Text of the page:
Gulbuddin Hekmatyar, originally from Baghlan, is the head and founder of Hezbi Islami. Hekmatyar, who is now in his late forties, first studied at the military academy; then in 1968, he switched to the engineering department of Kabul University. Although Hekmatyar is sometimes referred to as "Engineer Hekmatyar", he never graduated from Kabul University with a degree in engineering. Nevertheless, he is more outspoken than any other figure in Afghan politics. Before becoming a "devout" Muslim and getting into Islamic politics, Hekmatyar spent four years in the PDPA (People's Democratic Party of Afghanistan). The PDPA was the Afghan communist party comprising both Parchami and Khalqi groups. In 1972, Hekmatyar was put in prison for killing a Maoist student. He then fled to Pakistan and founded Hezbi Islami. Historians claim that in 1975, Hekmatyar instigated the anti-Daoud insurrection in Panjshir. Hezb members and Hekmatyar refute his Communist background, and they consider it an insult.
Hekmatyar has been accused by almost every other political party of being a puppet of Pakistan and the United States.
The truth is that while he has received numerous aid from the Pakistanis and the Americans, he was always working
for himself. He used the Pakistanis and the Americans as they used him. It is also true that he had close connections
with the ISI of Pakistan, and that he was extensively trained by them. Pakistani officials at that time described
Hekmatyar as being a power hungry, cunning, and a ruthless fanatic who would do anything to be on top. Many of
Gulbuddin Hekmatyar's detractors believe that Hekmatyar wants Afghanistan to be governed according to his parties
ideology, and he will not let anyone or anthing stand in his way. Even though Hekmatyar's Hezbi Islami recieved
millions of dollars worth of military and financial aid from the United States, they still failed to liberate
Afghanistan from the Communists. In fact, many Afghan political analysts accuse Hekmatyar of killing more
Mujahideen members than Communists.
When the Communist regime fell in Kabul, Hekmatyar and his party were invited by
the new Mujahideen government to take part and help build an Islamic government in
Afghanistan. Hekmatyar was offered the Prime Minister's position, and he refused it.
He labeled the Mujahideen government as being unislamic, and not what the people wanted.
As most political analysts predicted, Hekmatyar emerged as one of the most formidable enemies
of the Islamic government, created by Mujahideen leaders such as Burhanuddin Rabbani. Hekmatyar refused to
discuss power sharing with other political parties and launched several unsuccessful efforts to seize power
by force in Kabul.
Hekmatyar's rocket attacks created tremendous hardships for the ordinary people of Kabul, and
inflicted heavy material losses to the government and people. Some analysts may even say that
because of Hekmatyar's aggression against the Islamic government of Afghanistan, the government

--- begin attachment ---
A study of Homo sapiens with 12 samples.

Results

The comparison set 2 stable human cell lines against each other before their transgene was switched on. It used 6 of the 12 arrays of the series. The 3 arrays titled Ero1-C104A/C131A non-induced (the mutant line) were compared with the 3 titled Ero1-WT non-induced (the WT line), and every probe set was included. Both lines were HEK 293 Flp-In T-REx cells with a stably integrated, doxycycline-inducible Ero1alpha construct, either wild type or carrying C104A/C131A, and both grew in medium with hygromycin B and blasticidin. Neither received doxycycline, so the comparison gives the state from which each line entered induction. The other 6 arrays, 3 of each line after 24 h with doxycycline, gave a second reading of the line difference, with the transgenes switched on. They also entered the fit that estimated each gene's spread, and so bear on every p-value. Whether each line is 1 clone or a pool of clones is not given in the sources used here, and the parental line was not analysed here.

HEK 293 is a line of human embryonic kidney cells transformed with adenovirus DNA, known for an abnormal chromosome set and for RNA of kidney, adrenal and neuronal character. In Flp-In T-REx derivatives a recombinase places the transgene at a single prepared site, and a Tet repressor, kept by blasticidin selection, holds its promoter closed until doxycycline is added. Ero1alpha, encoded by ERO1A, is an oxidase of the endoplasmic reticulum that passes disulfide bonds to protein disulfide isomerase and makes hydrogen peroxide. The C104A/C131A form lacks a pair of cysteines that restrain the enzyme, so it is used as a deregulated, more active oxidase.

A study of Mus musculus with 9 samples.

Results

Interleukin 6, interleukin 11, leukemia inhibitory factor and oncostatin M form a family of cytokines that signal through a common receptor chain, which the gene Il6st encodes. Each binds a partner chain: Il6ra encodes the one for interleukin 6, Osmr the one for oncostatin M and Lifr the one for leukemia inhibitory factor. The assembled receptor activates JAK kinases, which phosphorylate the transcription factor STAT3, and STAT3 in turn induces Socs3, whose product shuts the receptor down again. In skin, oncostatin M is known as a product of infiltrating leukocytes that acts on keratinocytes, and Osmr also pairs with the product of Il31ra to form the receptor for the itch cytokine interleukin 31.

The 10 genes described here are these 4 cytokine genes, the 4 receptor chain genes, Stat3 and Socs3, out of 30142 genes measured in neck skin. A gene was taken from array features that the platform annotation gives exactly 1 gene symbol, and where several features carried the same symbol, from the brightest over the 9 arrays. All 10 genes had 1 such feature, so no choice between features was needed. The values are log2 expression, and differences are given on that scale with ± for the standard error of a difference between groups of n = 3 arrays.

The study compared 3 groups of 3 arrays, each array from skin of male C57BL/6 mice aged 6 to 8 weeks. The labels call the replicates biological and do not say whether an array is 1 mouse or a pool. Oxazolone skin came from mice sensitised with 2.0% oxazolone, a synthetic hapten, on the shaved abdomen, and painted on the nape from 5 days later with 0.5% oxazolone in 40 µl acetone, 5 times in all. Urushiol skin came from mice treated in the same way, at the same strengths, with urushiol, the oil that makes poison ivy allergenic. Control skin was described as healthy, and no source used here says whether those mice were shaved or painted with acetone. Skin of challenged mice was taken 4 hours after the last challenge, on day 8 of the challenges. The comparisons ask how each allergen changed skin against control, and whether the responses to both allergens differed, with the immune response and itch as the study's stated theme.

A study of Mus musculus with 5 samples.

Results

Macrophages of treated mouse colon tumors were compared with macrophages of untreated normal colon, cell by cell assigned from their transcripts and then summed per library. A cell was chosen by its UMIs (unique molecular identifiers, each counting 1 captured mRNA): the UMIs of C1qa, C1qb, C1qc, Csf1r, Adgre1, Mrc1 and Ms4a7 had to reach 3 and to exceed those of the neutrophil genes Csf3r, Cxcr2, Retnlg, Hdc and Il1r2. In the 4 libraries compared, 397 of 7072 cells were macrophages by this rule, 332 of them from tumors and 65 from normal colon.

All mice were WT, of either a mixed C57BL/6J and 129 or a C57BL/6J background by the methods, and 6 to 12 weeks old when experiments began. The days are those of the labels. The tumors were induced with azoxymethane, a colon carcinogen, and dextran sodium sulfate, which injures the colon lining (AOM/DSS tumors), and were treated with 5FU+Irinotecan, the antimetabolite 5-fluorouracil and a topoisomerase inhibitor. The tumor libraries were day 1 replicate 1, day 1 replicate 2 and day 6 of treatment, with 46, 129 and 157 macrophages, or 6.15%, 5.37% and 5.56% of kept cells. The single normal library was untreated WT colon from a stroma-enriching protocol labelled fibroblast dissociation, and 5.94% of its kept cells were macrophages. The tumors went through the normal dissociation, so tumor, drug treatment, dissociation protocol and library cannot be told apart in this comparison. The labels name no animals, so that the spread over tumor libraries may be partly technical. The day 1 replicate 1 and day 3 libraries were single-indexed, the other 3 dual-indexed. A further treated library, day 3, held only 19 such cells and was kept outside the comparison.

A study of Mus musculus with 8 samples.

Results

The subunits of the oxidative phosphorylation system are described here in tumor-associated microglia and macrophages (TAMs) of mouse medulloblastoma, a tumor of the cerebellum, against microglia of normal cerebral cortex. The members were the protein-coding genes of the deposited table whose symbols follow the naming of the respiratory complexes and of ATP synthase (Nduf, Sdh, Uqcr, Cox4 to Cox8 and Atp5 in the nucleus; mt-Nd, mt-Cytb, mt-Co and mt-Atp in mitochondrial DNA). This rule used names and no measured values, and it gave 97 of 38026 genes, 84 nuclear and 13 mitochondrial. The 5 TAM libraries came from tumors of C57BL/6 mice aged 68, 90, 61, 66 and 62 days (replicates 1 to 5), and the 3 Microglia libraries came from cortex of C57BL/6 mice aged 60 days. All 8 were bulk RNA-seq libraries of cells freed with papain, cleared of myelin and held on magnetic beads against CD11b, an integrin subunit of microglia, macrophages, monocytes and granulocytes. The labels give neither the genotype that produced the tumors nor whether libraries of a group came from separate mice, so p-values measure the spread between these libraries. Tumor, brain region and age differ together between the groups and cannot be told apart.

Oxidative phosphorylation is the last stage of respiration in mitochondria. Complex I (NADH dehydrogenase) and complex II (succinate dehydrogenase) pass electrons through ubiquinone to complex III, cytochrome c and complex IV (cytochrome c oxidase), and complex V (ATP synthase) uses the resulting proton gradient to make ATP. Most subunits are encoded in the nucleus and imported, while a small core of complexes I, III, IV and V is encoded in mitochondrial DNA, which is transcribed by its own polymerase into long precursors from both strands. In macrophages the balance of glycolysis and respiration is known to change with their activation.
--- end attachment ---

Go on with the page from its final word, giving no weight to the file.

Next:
was weakened so much that the Taliban militia had a tremendous advantage when they started their
campaign against the government. Hekmatyar continued to enjoy the support of some Arab and Pakistani
opportunists in his war against the government. There were even Pakistani and Arab volunteers fighting for
him against the government.
Hekmatyar launched his campaign against the government under the name of
driving out "communist militias", but by the end of the 1992, he not only dropped this
demand but he also struck a deal with Dostum (Former Communist) and Hezbi Wahdat to form a
common front against the government. Dostum and Hezbi Wahdat were Hekmatyar's former enemies.
Rocket attacks on Kabul, and alliances with forces of the former regime (Khalqis and Dostum)
degraded Hekmatyar in the eyes of the ordinary Afghan. Hekmatyar's cries for the formation of a
pure Islamic government have taken on an air of self-parody.
In the beginning of 1993, Hekmatyar again was offered the seat of Prime Minister, and this time
he accepted. He served as Prime Minister from March 1993, until January 1994. In early 1994,
Hekmatyar, not satisfied with his power with the government aligned himself once again with
Dostum to topple Rabbani's Islamic government; they failed. Nevertheless, the government of
Afghanistan tried again to settle peacefully with Hekmatyar. His rocket attacks had almost
completely destroyed Kabul, and the government was really weakening as a result of holding
back Hekmatyar's aggression. At last, in June of 1996, Hekmatyar once again accepted the
position of Prime Minister.
In late 1996, the Taliban, a militia suspected of being created and funded by the Pakistanis,
overran Kabul and forced Rabbani and Hekmatyar to flee north. Today, Hekmatyar states that he no
longer recognizes, nor is a part of the Islamic government, led by President Rabbani. Most of
Hekmatyar's men defected to the Taliban and currently he is very weak militarily and financially,
especially since Pakistan withdrew their support for him. It seems that the Taliban are succeeding where Hekmatyar failed.